Baltimore Riots Come to a Close


On April 12, Baltimore resident Freddie Gray was arrested for possession of a switch blade. In the police car, he fell into a coma after suffering injuries to his spinal cord after being beaten and slammed into the back of a police van. Seven days later, he passed away. Only a week after his death, riots broke out in Baltimore over the death of Gray.

Gray, who was arrested for possession of a switch blade, did not have a switch blade, making his arrest illegal. The six officers involved in the arrest were suspended without pay as they were reported for failing to provide medical attention to Gray. Probable cause was found to charge the officers for criminal offenses along the lines of homicide.

Brutality against African Americans has been an ongoing issue. From the shooting of Michael Brown to Trayvon Martin, this situation has been brought to the nation over time. After the decision by the Ferguson Grand Jury made their decision not to charge the police officer who shot Brown, the city rose in riot. A similar situation has come to Baltimore after the funeral of Gray.

On Monday, April 27, the citizens of West Baltimore started rioting against the city for the improper treatment of Gray in his critical condition. After the riots reached a certain stage of violence, police arrived to minimize the chaos, but it did not work. Rioters burned cars, broke into a CVS, convenient stores and destroyed other private properties. The destruction of the riot has led to a need for reinforcements for police forces.

Over the days to come, the riot increased in size, along with the police force. The National Guard, police forces from other counties and states were brought in. Humvees and blockades of police attempted to block the rioters from moving on. According to ABC News, 98 officers from the city have been injured in the riots.

Along with police reinforcements, the Mayor of Baltimore took action. Mayor Stephanie Rawlings-Blake commenced a curfew from 10 p.m. to five a.m. that went into effect Tuesday. People that violated the curfew would be arrested for a misdemeanor. Only emergency personnel and people who have to work for essential functions could be out past the curfew. On the same day the curfew was implemented, the city issued many closings. This included schools, city courts, the Nationals Aquarium, the American Visionary Art Museum and other institutions.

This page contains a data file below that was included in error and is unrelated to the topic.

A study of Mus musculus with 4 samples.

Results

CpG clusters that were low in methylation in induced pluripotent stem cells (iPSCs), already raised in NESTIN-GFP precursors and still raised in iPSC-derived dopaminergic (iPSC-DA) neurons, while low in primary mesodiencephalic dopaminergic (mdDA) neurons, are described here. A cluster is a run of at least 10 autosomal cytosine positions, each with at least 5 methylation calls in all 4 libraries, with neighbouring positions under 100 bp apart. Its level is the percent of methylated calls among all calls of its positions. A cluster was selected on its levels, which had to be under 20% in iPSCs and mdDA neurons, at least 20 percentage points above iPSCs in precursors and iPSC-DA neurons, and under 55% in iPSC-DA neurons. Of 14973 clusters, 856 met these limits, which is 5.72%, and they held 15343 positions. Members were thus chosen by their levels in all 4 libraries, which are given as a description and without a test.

For the sports world, Baltimore Orioles (the city’s baseball team) games against the Kansas City Royals were postponed on Monday and Tuesday due to the riots for safety reasons. On their Saturday night game against the Boston Red Sox, fans were asked not to leave the stadium for safety reasons for around an hour. The Orioles and Royals played their series finale, but in front of no crowd, as the game is closed to the public, the first time in Major League Baseball (MLB) history a game hasn’t been open to the public. The Orioles won the game 8-2 with fans looking on from the top of buildings.

With the National Guard being withdrawn and the night curfew being lifted on May 3, peaceful rallies have risen out of the destruction. Even though all the riot issues in Baltimore have come to a close, the issue over violence against minorities will still be a problem. Controlling the protests and riots against these situations is the first step to ending the issues over violence against minorities.